There’s been no post-spill bounce for Julia Gillard or Labor, according to today’s Essential Research poll; instead, the PM and the party have returned to the nadir of their fortunes in September last year.
Gillard’s net disapproval rating has gone from -17 points to -29 points, with only 32% approving of her performance and 61% disapproving. It’s her second-worst outcome as Prime Minister; in September she hit rock bottom with an approval rating of 28% and 64% disapproval.
This includes 20% of Labor voters who disapprove of her performance.
Tony Abbott’s approval figures are steady — approval up one point to 36%, disapproval down a point to 52%, meaning he is no longer more poorly regarded than the PM. He has also narrowed Gillard’s lead as preferred prime minister from seven to three points, 40% to 37%.
Labor’s vote has also continued its recent slide, losing another point to 31%, down from 34% four weeks ago, and Labor’s worst result since September. The Coalition is steady on 49% and the Greens steady on 10%, for a two-party preferred outcome of 57-43%. The leadership contest appears to have undone all the modest recovery the party has made since its carbon tax-induced woes in 2011.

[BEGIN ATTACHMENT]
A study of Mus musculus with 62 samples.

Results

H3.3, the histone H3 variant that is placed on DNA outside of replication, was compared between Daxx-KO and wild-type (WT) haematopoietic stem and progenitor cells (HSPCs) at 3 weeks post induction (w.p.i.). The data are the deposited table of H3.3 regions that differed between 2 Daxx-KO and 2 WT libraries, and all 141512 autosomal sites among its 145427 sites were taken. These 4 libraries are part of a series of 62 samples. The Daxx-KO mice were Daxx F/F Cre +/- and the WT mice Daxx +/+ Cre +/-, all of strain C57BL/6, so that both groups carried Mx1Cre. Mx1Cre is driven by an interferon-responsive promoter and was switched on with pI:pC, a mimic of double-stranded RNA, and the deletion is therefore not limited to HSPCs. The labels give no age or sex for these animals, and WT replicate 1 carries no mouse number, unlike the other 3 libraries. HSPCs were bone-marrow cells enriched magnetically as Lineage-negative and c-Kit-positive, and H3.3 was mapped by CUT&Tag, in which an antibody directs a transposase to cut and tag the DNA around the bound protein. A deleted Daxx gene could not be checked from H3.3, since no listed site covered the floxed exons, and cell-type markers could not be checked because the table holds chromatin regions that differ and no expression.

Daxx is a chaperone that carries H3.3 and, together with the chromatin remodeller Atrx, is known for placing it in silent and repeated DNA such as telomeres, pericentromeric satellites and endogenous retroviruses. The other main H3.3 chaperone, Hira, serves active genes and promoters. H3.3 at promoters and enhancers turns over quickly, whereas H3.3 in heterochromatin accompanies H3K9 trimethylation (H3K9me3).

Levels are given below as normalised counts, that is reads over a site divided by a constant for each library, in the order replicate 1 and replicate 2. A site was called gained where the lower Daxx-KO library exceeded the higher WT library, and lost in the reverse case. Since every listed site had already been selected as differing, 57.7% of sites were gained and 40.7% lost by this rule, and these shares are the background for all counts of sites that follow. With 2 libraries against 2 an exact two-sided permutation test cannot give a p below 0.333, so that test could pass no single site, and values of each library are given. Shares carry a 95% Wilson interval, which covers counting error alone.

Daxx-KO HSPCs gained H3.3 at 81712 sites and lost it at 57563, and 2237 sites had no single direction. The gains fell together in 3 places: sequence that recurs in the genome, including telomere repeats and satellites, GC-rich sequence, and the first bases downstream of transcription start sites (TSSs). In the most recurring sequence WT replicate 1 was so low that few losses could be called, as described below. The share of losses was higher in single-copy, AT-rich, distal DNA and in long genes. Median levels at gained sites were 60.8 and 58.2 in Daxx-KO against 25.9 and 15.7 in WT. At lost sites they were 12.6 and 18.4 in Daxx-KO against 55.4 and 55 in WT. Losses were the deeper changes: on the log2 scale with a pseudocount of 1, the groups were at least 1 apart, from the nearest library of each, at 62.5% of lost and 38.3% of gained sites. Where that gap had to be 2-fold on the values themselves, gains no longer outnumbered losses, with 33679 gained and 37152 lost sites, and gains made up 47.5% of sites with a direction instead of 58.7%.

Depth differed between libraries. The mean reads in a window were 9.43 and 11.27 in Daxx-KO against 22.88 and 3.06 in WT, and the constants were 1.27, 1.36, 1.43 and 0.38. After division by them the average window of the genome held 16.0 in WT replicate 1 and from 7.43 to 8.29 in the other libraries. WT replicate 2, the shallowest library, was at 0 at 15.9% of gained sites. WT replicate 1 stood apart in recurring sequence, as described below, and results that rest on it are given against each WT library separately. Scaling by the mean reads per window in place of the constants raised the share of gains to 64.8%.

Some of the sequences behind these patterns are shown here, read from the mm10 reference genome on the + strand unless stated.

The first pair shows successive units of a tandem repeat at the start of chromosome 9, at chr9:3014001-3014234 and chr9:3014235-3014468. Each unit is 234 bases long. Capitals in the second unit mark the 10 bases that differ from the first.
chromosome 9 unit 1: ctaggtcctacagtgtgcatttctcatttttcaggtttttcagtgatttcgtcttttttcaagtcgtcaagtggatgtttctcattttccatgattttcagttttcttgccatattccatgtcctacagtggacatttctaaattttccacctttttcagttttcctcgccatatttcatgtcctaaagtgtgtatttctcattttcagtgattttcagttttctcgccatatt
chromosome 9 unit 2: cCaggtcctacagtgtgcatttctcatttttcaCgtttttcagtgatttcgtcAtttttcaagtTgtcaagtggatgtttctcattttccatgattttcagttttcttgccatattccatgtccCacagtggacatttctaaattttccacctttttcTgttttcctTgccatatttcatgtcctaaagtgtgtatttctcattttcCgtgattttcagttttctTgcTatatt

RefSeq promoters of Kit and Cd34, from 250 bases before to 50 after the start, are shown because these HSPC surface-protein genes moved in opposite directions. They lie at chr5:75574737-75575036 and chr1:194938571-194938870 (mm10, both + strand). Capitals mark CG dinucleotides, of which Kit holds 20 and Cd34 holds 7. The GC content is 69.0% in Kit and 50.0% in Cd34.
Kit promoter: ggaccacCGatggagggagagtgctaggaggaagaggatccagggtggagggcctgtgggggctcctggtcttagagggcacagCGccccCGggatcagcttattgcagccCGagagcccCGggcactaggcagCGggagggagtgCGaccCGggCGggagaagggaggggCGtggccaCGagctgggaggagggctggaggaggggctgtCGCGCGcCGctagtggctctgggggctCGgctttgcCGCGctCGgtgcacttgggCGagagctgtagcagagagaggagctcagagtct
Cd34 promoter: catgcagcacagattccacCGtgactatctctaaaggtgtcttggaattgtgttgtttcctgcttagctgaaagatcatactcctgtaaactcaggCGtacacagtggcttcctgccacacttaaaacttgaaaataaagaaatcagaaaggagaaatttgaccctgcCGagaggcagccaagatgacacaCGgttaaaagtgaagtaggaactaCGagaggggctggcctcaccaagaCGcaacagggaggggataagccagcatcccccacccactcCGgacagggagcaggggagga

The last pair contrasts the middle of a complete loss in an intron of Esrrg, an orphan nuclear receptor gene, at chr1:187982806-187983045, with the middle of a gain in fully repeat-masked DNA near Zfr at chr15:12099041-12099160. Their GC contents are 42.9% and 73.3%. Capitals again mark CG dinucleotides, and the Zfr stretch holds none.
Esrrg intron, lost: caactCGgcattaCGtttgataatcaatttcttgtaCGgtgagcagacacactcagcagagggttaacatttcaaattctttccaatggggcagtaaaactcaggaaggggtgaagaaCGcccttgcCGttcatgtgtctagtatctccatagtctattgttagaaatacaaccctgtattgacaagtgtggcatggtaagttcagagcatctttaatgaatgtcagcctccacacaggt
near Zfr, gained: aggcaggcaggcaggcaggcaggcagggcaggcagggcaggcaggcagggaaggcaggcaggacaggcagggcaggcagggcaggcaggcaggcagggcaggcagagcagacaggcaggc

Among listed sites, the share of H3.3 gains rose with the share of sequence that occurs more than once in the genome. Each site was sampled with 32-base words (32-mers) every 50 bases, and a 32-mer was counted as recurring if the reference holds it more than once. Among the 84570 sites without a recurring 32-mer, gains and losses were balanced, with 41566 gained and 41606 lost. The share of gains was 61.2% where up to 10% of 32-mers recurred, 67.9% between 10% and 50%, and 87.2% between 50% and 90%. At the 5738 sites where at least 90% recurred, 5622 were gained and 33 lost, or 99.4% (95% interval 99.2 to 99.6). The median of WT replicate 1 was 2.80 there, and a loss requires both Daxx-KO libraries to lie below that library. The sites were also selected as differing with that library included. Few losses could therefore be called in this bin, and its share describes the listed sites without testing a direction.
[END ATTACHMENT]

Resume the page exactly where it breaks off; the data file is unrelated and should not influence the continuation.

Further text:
The Prime Minister’s coup of unexpectedly luring Bob Carr to Canberra to take over as foreign minister divided voters, with 37% approving and 36% disapproving. The results were strongly along party lines, with Greens voters having a very high level of “don’t know” at 45%, compared to 27% overall. NSW voters were more inclined to approve of their former premier moving to federal politics, 43-37%.
There was also strong support for Wayne Swan’s argument that wealthy individuals were trying to influence public opinion in the weekly online poll of 1038 voters. But it emerges via an intriguing example of the way partisanship can shift stated views.
When the statement “some of Australia’s wealthiest individuals are using their wealth to try to influence public opinion and government policy to further their own commercial interests” was attributed to Swan, agreement was 58% versus 26% disagreement. When Swan was omitted from the statement, the figures were 60%/24%. But agreement along Labor voters fell significantly — from 78% to 67% and disagreement rose from 6% to 18%.
Conversely, disagreement among Liberal voters fell a huge amount, from 51% to 30%, while agreement rose from 36% to 55%. Greens voters strongly agreed with both statements, but a little less when it wasn’t couched as Swan’s view. In short, voters were significantly more homogeneous in their response to the statement when it was presented without the connection to a politician.
Support for the mining tax has fallen slightly, down from 55% to 52%, with opposition up six points to 34%.